Bend Child Support Lawyer
Establishing Child Support in Oregon
Child support is payment that one parent is required to pay to the other during and / or after a divorce. The purpose is to supplement provisions for the child’s:
- Overall support
Obligations to pay child support come from a judgment, court order, or through the Division of Child Support. Child support is established through the use of Oregon’s Uniform Child Support Guidelines. This is usually needed between unmarried parents or parents in a dissolution of marriage proceeding.
Duration of Child Support
An individual’s obligation to pay will continue until the child turns 18. In some cases, support may continue until the child’s 21st birthday if he or she is attending school as defined by the state.
Determining a Child Support Order
In order to calculate child support needed, a party will need to use Oregon’s Uniform Child Support Guidelines. This is a formula that takes into account all of the following:
- Both parties’ respective incomes
- The parenting plan
- Any child care costs
- Medical insurance costs
- Uninsured ongoing medical expenses
Calculating income for child support is often straightforward, but it can also be complicated if there are additional factors involved, such as self-employment. Once all information is inputted, the formula will determine the assumed appropriate amount for child support. This amount is typically followed unless other findings are made that prove that amount is not appropriate for the facts of the case.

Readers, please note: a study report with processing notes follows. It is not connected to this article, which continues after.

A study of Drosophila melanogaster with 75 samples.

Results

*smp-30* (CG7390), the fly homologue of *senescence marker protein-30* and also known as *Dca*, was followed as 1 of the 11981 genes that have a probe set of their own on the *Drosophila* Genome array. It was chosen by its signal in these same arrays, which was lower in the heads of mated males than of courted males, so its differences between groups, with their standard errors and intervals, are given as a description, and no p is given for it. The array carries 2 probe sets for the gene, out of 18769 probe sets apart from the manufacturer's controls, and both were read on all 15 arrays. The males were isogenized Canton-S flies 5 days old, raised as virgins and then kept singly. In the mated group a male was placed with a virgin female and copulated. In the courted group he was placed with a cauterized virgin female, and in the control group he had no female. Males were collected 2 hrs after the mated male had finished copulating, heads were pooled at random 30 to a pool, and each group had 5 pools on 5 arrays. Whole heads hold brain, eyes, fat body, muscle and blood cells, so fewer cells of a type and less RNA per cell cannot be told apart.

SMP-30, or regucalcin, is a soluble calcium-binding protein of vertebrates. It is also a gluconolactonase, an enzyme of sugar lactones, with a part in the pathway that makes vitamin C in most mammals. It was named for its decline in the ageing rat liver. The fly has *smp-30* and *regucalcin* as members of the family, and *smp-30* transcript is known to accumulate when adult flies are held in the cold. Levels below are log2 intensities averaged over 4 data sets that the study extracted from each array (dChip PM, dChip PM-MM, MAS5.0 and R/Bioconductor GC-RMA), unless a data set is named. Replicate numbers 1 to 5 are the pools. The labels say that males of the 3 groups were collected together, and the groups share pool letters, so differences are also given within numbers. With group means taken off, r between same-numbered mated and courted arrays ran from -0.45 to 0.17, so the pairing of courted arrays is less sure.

Cash Medical Support
Under the Oregon Child Support Guidelines, an additional obligation may be required within a child support determination, which is the “cash medical support.” This is an additional amount that a parent can request to cover the amount of health care needed for the child and help with the uninsured medical expenses related to the child.
Rebuttal Factors that May Arise
It may not be a smooth road when seeking the recovery of child support. The other party may challenge the requested amount of child support. These are called, “rebuttal factors” and are set forth in the Oregon Child Support Guidelines. Some of the factors include:
- Other available resources of a parent
- Reasonable necessities of a parent
- Net income of a parent
- Parent’s ability to borrow money
- Number and needs of other dependents of the parent
- Desirability of the custodial parent
- Application of tax issues
- Financial advantage afforded a parent by living with a partner
In many cases, the judge can deviate from the presumed amount of child support.
At Baxter Harder, LLC, we understand that this is a complex legal matter and we can help you through. Contact our Bend family lawyer today for more information.